The end of November marked the 45th anniversary of the Individuals with Disabilities Education Act going into effect. The federal law enshrined the idea that every child with a disability is entitled to a meaningful education that is as inclusive as possible. Even though time has changed many perceptions of what students with disabilities can achieve, many people have been dissatisfied with the progress we’ve made in fulfilling the vision.
This year’s experiences with pandemic learning have only mounted the frustrations. The sudden onset of COVID-19, with its many unknowns, challenged schools’ ability to help students with special learning challenges. Many people, including the Onyx family in Oakland County, have pleaded for face-to-face educational opportunities, calling them indispensable. Both of their children need consistent access to aides and therapies that were suddenly denied to them when school buildings closed in the spring.
Similarly frustrating experiences in other states prompted a nationwide class action lawsuit from parents who demand either in-person learning or direct funding to take care of their own emergency educational needs. A few states have provided the latter option. Texas and Ohio, for example, have provided direct education grants to families of disabled students.
Michigan is not yet among them, but there have been some improvements since the spring. This fall, about half of Michigan’s school districts have offered in-person instruction to special-education students. Districts are somewhat less likely to offer that option to other learners, though many families need that opportunity.
For their sake, the goal cannot be simply to return special education toits pre-pandemic reality. In 2018, Michigan was the only state to receive a critically low rating from the U.S. Department of Education for the quality of services delivered to students with disabilities. Michigan subsequently earned a reprieve from the threat of federal intervention, but the outlook for those who receive these services has not improved. Too many Michigan students with disabilities keep missing the mark in reading — by a wide margin — and their success in math has actually trended down.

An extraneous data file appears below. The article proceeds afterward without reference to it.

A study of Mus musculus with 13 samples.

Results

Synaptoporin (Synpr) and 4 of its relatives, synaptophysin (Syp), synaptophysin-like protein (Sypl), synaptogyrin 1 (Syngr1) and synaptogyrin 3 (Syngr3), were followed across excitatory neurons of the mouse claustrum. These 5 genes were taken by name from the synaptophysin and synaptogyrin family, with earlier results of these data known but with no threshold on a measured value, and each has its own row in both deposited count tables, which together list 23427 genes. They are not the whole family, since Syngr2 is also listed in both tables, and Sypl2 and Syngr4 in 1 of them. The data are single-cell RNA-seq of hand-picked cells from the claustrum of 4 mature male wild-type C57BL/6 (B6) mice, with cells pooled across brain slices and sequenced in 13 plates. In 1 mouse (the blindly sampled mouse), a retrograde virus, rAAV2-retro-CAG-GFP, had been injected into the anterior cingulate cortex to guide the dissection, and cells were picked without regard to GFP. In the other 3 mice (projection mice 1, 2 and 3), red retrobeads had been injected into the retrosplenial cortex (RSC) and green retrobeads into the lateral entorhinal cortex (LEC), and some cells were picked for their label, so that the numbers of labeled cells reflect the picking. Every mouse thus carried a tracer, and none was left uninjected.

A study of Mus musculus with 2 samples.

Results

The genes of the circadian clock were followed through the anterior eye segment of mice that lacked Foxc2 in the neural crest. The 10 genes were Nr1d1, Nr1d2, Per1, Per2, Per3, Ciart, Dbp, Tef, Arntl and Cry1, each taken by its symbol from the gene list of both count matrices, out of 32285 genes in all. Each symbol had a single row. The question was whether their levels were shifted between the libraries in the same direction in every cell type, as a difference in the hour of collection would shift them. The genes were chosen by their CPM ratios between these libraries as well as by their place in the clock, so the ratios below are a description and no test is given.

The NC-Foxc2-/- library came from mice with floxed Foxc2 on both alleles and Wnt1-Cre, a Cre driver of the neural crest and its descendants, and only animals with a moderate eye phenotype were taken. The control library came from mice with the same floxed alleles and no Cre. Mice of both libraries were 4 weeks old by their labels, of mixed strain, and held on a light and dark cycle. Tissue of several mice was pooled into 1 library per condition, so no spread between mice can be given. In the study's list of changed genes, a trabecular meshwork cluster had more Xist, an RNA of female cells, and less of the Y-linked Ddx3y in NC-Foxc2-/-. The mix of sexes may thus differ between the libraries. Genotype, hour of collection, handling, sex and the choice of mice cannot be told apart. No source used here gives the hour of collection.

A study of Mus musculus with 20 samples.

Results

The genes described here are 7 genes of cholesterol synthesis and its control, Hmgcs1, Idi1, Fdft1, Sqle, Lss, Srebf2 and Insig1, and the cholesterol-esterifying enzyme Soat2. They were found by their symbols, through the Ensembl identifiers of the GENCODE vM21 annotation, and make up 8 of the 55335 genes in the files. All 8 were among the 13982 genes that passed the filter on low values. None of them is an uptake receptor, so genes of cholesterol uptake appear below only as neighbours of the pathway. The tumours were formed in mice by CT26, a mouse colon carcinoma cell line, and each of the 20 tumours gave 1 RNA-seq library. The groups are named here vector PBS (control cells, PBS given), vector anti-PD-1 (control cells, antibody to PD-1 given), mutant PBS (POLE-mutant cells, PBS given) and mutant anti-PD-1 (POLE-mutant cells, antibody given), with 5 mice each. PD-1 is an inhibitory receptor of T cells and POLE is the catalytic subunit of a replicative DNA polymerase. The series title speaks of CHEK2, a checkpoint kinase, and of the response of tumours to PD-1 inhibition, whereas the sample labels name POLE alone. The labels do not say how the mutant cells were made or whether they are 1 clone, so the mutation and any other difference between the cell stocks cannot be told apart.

For more than two decades, many Michigan students with disabilitieshave had access to a tax-funded alternative in the form of charter public schools. While these options represent an improvement for some students, critics fabricate inaccurate claims about them. A September report from the Michigan Civil Rights Commission asserted that charter public schools don’t have to follow state special education laws, though the state education department clearly explains otherwise.
Some critics more subtly insinuate that charters quietly but systematically dissuade enrollments from students with disabilities. Last year, 10.9% of charter public school students qualified for an Individualized Education Program due to special learning needs, compared with a rate of 12.7% in district schools. That gap is slightly smaller than it was in 2015.
Both then and now, local funding policies in the state’s most populous county continue to account for most of the disparity. As I wrote in 2016:
The Wayne County Regional Educational Service Agency, the ISD that covers Detroit Public Schools and 32 other districts, operates center-based programs for students with “more severe impairments.” These programs, housed only in conventional districts, receive access to millions in Act 18 local millage funding, and likely contribute to the districts enrolling more special needs students than charter schools in the county.
Setting aside this one region results in a different picture. Four years ago, the special education enrollment gap between Michigan districts and charter schools outside Wayne County was 0.9 percentage points. Today, the disparity is half that size. Excluding hearing- and vision-impaired students, as well as students with autism, the district and charter rates of IEP students stand identical at 11.2%.
Fixing some local funding arrangements would help charter schools serve even more students who need an IEP. Yet for parents, having options within the public education system is often not enough. To get their children needed services, some, desperate and persistent, have been left with the recourse of lengthy and costly legal action, or switching to private education or intensive individual tutoring. Such expensive options are neither ideal nor practical for most families, as they cannot afford to forego access to tax-funded resources to help their children.
Our education system’s experience with the pandemic highlights the paramount importance of flexibility. No single option helps everyone, especially students who have special learning needs. Nearly half a century after the establishment of a breakthrough federal law, it’s time to reimagine how Michigan can raise the bar for all students with disabilities by freeing up dollars to restructure the system around student and parent priorities.